Electronic Weapons: Israel And The Bodyguard Of Electronics


September 16, 2015: Israel has decided to put a security fence on its last unfenced border, the 307 kilometer Jordanian frontier. This project will take several years and cost $1.6 billion, plus millions a year to maintain. This comes after Israel has nearly completed a 240 kilometer fence along the Egyptian border, mainly to keep illegal migrants (usually from Africa) out. The Israeli security fence with the West Bank will eventually be 760 kilometers long, mainly because it makes so many twists and turns to deal with unresolved territorial disputes and Israeli settlements in the West Bank. But even when it was half finished it was blocking the most easily used terrorist crossings and that caused the Palestinian terror campaign to collapse. The new fence along the Egyptian border not only stopped nearly all the illegal migrants but a lot of the other smuggling (especially drugs).

For such a small country (21,000 square kilometers) Israel has lot of borders; Egypt-208 kilometers, Jordan-307, Lebanon-81, Syria-83, West Bank-330 and Gaza Strip-59. There is also a 273 kilometer long coastline. Since Israel is surrounded by countries that host, tolerate or simply have Islamic terrorist groups dedicated to the destruction of Israel, the need for the high-tech security fences has become a matter of life or death, especially since the new fence technology works much better than the older ones that did not use a lot of sensors and other electronic devices.

The fence around the West Bank was built first, after the Palestinians began a terrorism campaign against Israel in 2000. The new security fence between soon became a battleground itself. Technicians performing maintenance on the fence (actually a series of obstacles, including a wall) sensors were sometimes fired on by Palestinians, and, in some cases, the technicians are given a military escort. This situation repeated itself, to a lesser degree as fences went along the Gaza, Lebanon and Syrian frontiers.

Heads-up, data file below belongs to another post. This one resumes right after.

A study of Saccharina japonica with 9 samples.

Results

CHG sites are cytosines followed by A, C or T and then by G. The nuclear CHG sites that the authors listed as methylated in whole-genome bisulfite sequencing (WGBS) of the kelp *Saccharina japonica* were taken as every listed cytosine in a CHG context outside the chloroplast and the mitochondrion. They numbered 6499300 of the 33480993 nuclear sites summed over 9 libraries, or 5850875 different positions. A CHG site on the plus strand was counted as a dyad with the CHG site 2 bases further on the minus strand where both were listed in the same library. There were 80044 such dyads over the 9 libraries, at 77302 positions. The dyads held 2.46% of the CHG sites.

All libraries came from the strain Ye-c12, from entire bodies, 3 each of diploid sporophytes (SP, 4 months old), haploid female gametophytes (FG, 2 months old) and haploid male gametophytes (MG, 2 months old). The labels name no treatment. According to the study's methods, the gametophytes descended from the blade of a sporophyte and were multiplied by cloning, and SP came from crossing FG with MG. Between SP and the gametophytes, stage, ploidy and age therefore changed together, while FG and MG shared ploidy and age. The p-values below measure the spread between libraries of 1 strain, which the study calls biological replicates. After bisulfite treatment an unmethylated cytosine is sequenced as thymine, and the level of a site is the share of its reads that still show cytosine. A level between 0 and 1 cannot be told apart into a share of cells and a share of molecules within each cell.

In addition to barriers (ditches, walls, barbed wire) and sensors there are also remote control machine-guns in some spots. This was used in Gaza where Islamic terrorists inside Gaza are constantly approaching the fence to try or cut their way through or plant explosives to detonate when an Israeli patrol drives by. To deal with that last problem some small towers, with remotely controlled machine-guns and cameras were built in more remote areas. If someone was seen planting explosives or rapidly cutting through the fence (before troops could arrive), the remotely controlled machine-gun could be used to scare them off or, if that didn’t work, to kill. Many Arab states, as well as India, have adopted the Israeli security fence technology for their own borders, usually to keep Islamic terrorists out.